Tuesday, June 19, 2007


Game #2: Brett Price's apartment Brighton,
Cincinnati 5/23/07
WINNER: Cindy King


Of the minutest cricket
there was a joke.
Pretend that you don’t agree with me
this morning with a blue flame burning.
Nests with their birds, houses with their keys.

1.Emily Dickinson
2. Robert Creeley from “The Joke”
3. Stan Rice from “Psalm 178”
4. John Wieners from “A Poem for Trapped Things”
5. Paul Eluard from “To Live Here”

title by Brett Price



The trees facing wind, wind-waves towing nothing: leaves flagging, nothing to sign—

This morning. Its blue flame burning clouds.

Hotness overrunning horses overrun by dust, by—

Roofs remark their hooves overlain with hooves.

Despite the flame blue and shingles, the sand
notices the Milky Way the origami the doves, the oysters
sense the racks they boil on. Red, orange, yellow:

temperatures like onion inside
onion. Thunder slices too close to a car.

Pretend you don’t agree with the one quiet dust.
Pretend you didn’t see that blue crack burning.

Nests full of cower, mansions full of feed.

Cindy's Note:

I didn’t want to touch the five lines – still don’t. They seem to come from some logic that essentially clings to the ether. I wasn’t even present to win. Ruth Wartman was guarding my bingo card for me: I was taking an important call down in the very tidy bedroom of someone I don’t know. This adds to the feeling the five lines are like a rock that fell from the sky. Then I wrote a first draft. It was all Latinate collaged with refrains akin to the ones in Rukeyser’s “Orange and Grape”. It ended with a statement followed by, “This is the joke.” But then, that poem looked too vertical, cut like an intractable and mincing landscape poem from 1989. Rumpus in a stale way. So, I started over. I stared out the window for a long time. I thought about big things, the cricket who’d been in my mind for a long time by then, how comfort and scale can blind anyone to a helpless quiet thing like a cricket (or a conscience).


Cindy King is currently recovering from an injury sustained while pitching fastballs on a Sony Wii. Her poems are forthcoming in RealPoetik and Copper Nickel.

Friday, June 8, 2007

CENTO BINGO: GAME #1 WINNER: Kristi Maxwell!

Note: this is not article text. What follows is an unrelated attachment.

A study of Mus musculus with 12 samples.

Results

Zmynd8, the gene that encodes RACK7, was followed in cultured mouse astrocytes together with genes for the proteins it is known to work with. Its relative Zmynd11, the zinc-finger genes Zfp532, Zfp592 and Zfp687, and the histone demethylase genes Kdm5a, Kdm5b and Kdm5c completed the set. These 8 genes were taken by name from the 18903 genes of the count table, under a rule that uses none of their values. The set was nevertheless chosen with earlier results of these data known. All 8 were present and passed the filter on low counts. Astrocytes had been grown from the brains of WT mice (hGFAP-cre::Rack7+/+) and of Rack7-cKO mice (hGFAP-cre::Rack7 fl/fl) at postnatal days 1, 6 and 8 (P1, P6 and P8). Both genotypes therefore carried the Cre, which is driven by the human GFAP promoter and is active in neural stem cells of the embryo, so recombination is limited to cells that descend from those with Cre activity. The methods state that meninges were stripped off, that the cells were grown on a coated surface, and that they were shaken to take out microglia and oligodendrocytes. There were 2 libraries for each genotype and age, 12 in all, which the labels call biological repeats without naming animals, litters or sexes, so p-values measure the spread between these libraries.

Ladies and gents, we are pleased to unveil the results of Cento Bingo Game #1. Below are both the game winning cento and also an all new and wholly original re-working of that poem by winner Kristi Maxwell. Please check out Kristi's notes on her cento revision process too, and stay tuned for the results of game #2!

Game #1: Brett Price’s apartment Brighton, Cincinnati 5/23/07
WINNER: Kristi Maxwell


I have the rages that small animals have.
It is a sultry day the sun has drunk.
Thank you for giving me this battleship to wash.
Sorrow’s springs are the same—
and, with a shout, collecting coat hangers.

1. Paulette Jiles from “Paper Matches”
2. William Cullen Bryant from “Summer Wind”
3. Kenneth Koch from "Thank You"
4. Gerard Manley Hopkins from “Spring and Fall”
5. Kenneth Koch from “When the Sun Tries to Go On”



I clean my rage with rags small animals have been made into.
Sulk-day. Sun-dame the thermometer accosts and crams
into the mercury corset. (Our course set by “how
warm?”—we accomplice.) Thank you for giving
me this battle. Thank you for shipping me
this wish. Marrow springs from the bone. Pain as the bangs
that cover so well the forehead of “So?” –
and, with a shout, equating oat with anger.
I asked how to unfill what you feel.
To insert a plus-sign where one is not.

Kristi's Note:

The modified lines are first a practice in translation via misrecognition (both visually and phonically), followed by an iron laid to skin and blisters that needed names. I enjoy discovering what two words beside each other secretly harbor, like characters in a Victorian novel, and misrecognition is one productive map toward such discovery. And, yes, booby-traps! So climbing out of the line, slipping sometimes, not so much at others.


Kristi Maxwell enjoys making guacamole and asparagus soup. She is the author of Realm Sixty-Four (forthcoming from Ahsahta Press) and an admirer of The Little Prince.